CJIA expansion company importing Suriname’s stone because Guyana’s too expensive

Last Updated on Friday, 30 September 2016, 18:07 by Denis Chabrol

Grassalco, a Surinamese company, loading crushed stone on a barge.

Grassalco, a Surinamese company, loading crushed stone on a barge.

The Minister of Public Infrastructure, David Patterson said the Chinese company that is expanding the Cheddi Jagan International Airport (CJIA) was willing to buy the stone locally, but the price was too high and so it had to turn to Suriname.

In a response through a ministry spokeswoman, Patterson explained that the Surinamese company, Grassalco, submitted quotations for the supply and delivery of the stone landed at the Timehri docks at US$28 per tonne. He said local suppliers quoted prices ranging from US$36 to US$40 per tonne. “Those costs, he explained, were ex-factory or ex-depot costs at Kingston or East Bank Demerara and so “an increase would be added to transport the stone to the site.”

Grassalco and Zhong Da International Engineering Company earlier this month agreed to deliver 300,000 tonnes of crushed stone valued at US$7.5 million in partnership to the client, CHEC, for CJIA’s expansion. The delivery would take place over the next 12 months.

Chief Executive Officer and Director of Toolsie Persaud Quarries Inc; Rajesh Persaud on Friday told Demerara Waves Online News that he could not say what is the price for the stone that he has to offer because China Harbour Engineering (CHEC) has not provided the specification and the volume of stone. “Prices are also dependent on volume purchased,” he said.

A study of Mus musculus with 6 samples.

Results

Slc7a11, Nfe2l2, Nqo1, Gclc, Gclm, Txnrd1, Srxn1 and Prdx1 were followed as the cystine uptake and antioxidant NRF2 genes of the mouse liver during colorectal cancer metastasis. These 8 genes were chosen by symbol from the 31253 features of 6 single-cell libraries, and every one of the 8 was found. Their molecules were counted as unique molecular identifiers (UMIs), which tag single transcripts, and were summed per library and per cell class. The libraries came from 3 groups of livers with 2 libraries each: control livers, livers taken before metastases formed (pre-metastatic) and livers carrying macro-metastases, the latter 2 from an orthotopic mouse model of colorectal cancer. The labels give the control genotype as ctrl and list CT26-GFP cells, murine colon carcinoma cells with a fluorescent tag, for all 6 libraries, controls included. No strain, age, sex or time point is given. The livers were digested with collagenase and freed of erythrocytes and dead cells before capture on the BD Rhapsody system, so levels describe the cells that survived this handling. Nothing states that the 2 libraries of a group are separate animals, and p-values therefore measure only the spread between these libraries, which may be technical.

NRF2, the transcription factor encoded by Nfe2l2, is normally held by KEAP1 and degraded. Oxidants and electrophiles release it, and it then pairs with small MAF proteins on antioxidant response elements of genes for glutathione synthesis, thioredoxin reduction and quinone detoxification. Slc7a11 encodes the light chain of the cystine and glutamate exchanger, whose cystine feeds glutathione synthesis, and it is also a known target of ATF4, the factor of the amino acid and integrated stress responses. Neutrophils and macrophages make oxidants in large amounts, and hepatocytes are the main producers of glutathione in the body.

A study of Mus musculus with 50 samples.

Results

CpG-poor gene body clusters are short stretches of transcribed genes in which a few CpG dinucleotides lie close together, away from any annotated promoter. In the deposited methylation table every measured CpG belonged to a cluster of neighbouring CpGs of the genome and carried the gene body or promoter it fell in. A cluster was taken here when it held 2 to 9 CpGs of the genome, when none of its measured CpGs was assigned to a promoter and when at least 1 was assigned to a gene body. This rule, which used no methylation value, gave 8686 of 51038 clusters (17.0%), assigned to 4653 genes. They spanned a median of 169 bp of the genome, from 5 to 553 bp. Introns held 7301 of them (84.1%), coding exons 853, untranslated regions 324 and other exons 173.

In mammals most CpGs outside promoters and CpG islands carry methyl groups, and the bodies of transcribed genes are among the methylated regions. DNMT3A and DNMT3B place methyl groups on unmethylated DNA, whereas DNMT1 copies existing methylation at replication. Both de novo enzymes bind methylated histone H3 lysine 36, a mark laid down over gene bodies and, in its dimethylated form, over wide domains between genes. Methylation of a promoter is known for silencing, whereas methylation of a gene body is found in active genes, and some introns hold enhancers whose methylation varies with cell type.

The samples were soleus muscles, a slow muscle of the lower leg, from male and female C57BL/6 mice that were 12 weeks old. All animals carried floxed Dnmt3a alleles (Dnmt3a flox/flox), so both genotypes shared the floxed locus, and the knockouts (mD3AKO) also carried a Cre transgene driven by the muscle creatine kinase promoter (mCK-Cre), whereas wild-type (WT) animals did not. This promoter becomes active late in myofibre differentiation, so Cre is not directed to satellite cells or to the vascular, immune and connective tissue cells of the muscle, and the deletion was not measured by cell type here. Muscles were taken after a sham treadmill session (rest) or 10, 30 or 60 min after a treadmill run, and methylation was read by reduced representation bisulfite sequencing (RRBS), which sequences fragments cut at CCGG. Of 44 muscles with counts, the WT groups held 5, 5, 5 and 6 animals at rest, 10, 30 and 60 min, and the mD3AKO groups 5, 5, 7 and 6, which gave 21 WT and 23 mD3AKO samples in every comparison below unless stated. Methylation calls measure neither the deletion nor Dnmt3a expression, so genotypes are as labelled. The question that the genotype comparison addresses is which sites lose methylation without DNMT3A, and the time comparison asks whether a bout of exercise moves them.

Persaud was confident that local stone producers could supply stone at the same price as Grassalco. “I am sure local producers can come to a suitable price based on volume purchased. Off, course large volume purchased, you get a better price,” he said.

Toolsie Persaud Quarries Inc; he said, has been supplying CHEC with stone but he was unsure on which project it is being used. He did not deny that quotations of between US$36 and US$40 per tonne were provided to government.

Asked why the price of stone produced in Guyana was higher, he explained that the stone here is harder to mine and is of a higher quality. “It has far higher engineering qualities. It is harder rock; the geology of the rock is a lot better than the rock that you can get in Suriname and even throughout the Caribbean. The geology of our rock is superior and it is a more expensive to crush,” he said.

The Toolsie Persaud official welcomes plans by the Public Infrastructure Minister and the Minister of Business, Dominic Gaskin to ascertain why the prices quoted were higher although locally produced.  “I feel that the stone for that airport project should be sourced out of Guyana whereby the Guyanese people will benefit from it,” the businessman added.

Patterson said “electricity costs do not factor into stone production at the quarries.”

Grassalco’s Chief Executive Officer, Sergio Akiemboto has said that deal would pave the way for the miningcompany to secure more deals in the region and Grassalco would eventually play a major role in the economic development in the Caribbean as a supplier of crushed stone.

So far the Guyana deal is the largest contract the state-owned company has signed with a foreign contractor. However this is not the first regional contract for Grassalco. Several months earlier the company supplied boulders to Barbados for the construction of a sea wall in the Sandals hotel construction project.